Just How Good the NES Can Sound: Stage Ones
26 February 2010

This is merely the beginning of what will probably become an extended series that examines the wonderful sound capabilities of the NES hardware, not to mention the additional capabilities of the Famicom (given its two cartridge pins designed to support external sound enhancements), and the Famicom Disk System (thanks to its 2C33 application-specific integrated circuit, which included additional sound hardware, namely primitive wavetable synthesis and FM synthesis capabilities). For the moment, though, let's focus on what the oldie but goldie NES could crank out:

--Five sound channels (two pulse wave, one triangle wave, one white noise, one differential pulse-code modulation)
--Final channel also capable of pulse-code modulation

It may not look like much, but over the life span of the NES game developers eked out every little ounce of power from this primitive sound architecture. The very best tunes from this era can pull their weight even by today's standards. They may not produce symphony quality sound, but they demostrate elegance and minimalism at their best. Since I've already covered the phenomenal soundtrack of Mega Man 2, let's focus on some of the best tracks that greet you when a game begins. This is just a start, and I'm sure there will be more to follow.
Not all Castlevania's across all regions are made equally. When Akumajou Densetsu (a.k.a. Castlevania III) came out in Japan, it included Konami's mighty VRC6 chip, which added three audio channels and even smoothed sprite animation. Unfortunately, only the Japanese Famicom hardware could support this particular chip, so it was not included in the versions of Castlevania III released outside Japan. How big of a difference can one chip make? Give the track below a listen:

Akumajou Densetsu - Stage 1-1

It could easily be mistaken for a 16-bit composition. I dare not mention the number of times I've wished a Genesis game sounded this good.

Now compare the above clip to the one without the VRC6 chip:

Castlevania III - Stage 1-1

Complexity and depth take a major hit. Everything sounds tinnier, lacking the richness that Japanese gamers enjoyed. You can't blame Konami. The non-Japanese hardware didn't contain the necessary additional cartridge pins to support the VRC6 chip. You can, however, blame Nintendo for not providing the superior versions of this game on the Virtual Console.

Nevertheless, no matter which version of Castlevania III you're listening to, this is clearly one of the most impressive soundtracks you can find on the NES. Konami had basically mastered the hardware by this point.
Maybe you've never played this game before. (Hint: The Virtual Console version is way better than the Xbox Life Arcade one!) In other words, you're a fool. Whatever! Just listen to this frickin' clip!

Contra - Stage 1

Doesn't that get you pumped up? Not only is the gameplay some of the best ever seen on the NES, you've also got one of the most amazing soundtracks. Most people even agree that the music is better than the arcade version! The first track may be the best—listen to how the song drops you into the jungle, builds in intensity, and then finally reaches a frenetic beat-driven climax—but everything afterwards is of an equally high caliber.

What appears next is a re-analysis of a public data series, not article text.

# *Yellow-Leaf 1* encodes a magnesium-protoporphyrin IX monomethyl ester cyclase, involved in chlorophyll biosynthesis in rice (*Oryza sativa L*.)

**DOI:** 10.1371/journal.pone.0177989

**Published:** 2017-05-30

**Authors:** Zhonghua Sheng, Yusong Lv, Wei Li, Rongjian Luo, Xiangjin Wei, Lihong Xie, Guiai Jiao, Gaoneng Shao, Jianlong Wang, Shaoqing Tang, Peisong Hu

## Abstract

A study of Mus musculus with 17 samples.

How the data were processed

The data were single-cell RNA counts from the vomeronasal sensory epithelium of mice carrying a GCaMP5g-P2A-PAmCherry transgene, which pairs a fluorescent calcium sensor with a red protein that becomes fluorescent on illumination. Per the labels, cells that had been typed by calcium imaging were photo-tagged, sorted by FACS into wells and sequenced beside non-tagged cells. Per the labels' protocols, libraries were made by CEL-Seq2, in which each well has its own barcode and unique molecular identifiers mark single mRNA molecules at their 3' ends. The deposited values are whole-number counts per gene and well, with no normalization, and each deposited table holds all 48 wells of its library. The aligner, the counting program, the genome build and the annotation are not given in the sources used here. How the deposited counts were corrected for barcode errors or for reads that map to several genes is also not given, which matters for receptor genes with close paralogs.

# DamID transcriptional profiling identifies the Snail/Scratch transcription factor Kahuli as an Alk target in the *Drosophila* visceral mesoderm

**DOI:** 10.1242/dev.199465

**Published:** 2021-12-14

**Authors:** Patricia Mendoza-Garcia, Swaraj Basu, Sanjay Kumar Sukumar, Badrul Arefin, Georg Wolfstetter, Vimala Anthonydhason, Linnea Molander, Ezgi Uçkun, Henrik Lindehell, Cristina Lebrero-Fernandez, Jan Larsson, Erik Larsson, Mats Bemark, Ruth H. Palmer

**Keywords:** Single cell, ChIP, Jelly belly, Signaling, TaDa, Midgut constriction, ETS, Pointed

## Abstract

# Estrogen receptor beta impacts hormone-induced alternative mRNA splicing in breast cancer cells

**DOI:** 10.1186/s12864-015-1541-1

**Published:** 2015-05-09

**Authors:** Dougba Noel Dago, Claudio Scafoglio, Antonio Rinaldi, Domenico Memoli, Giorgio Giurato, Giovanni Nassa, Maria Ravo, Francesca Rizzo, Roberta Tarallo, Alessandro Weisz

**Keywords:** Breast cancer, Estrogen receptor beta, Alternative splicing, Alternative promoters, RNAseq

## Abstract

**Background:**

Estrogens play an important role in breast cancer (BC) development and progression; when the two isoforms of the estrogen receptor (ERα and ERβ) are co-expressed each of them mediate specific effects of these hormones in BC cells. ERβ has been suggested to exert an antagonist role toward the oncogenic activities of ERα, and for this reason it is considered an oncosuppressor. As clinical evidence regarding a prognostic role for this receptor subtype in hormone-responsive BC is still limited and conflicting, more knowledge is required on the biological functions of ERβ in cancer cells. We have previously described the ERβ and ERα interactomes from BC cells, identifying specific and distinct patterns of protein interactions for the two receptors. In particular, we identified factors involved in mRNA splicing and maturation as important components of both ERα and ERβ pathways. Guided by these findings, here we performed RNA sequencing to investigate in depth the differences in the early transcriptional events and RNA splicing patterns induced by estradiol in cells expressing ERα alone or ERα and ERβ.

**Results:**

The gameplay to this beat 'em up classic feels a little tight and restrictive on the good old NES hardware, but give this track a proper listen and you'll discover the game's most under appreciated strength:

Double Dragon - Stage 1

It starts off pretty innocuously with some fluffy drum beats, builds a little bit, you let your guard down, it repeats, and then kicks into high gear: A guitar riff combines with intense drum beats. This is brilliant composition, especially when you consider the time (1988!), which was early in the life span of the NES. While Double Dragon is clearly no River City Ransom in terms of gameplay, you have to be impressed by the rich and dynamic sound.
Close your eyes and pretend for a moment that you never played this game or heard about it. Listen to the rising notes, the hopeful melody...

Legend of Zelda - Overworld

Now understand that the sound for this game was developed circa 1986, and it fit on eight kilobytes worth of Nintendo sound format. That's right, you've written emails larger than the music for this game! The moment the game begins you can hear the adventure, despite the limitations of five sound channels and primitive instruments. While the music for the NES made remarkable progress over subsequent years, this theme—despite its simplicity, or perhaps because of it—remains one of the most memorable musical scores to ever grace a video game console.
Some musical tracks are legendary—you play them, and millions of people instantly recognize the track. In especially rare circumstances, the music comes from a video game. Here is one of those examples:

Super Mario Bros. - Stage 1-1

This happy, go-lucky theme is without rival. No game has stolen or equaled it, because you don't mess with the Mario Bros. If you do, well, they'll flip ya. They'll fly ya for real. (Anyone remember The Usual Suspects?) What an amazingly light-hearted tone to the sound. Run that time down, though, and you'll find the music suddenly speeds up to pressure you to get your a$$ moving faster. You quickly transition from silly fun to the intensity of needing to complete the stage before dying with no apparent in-between. Brilliant.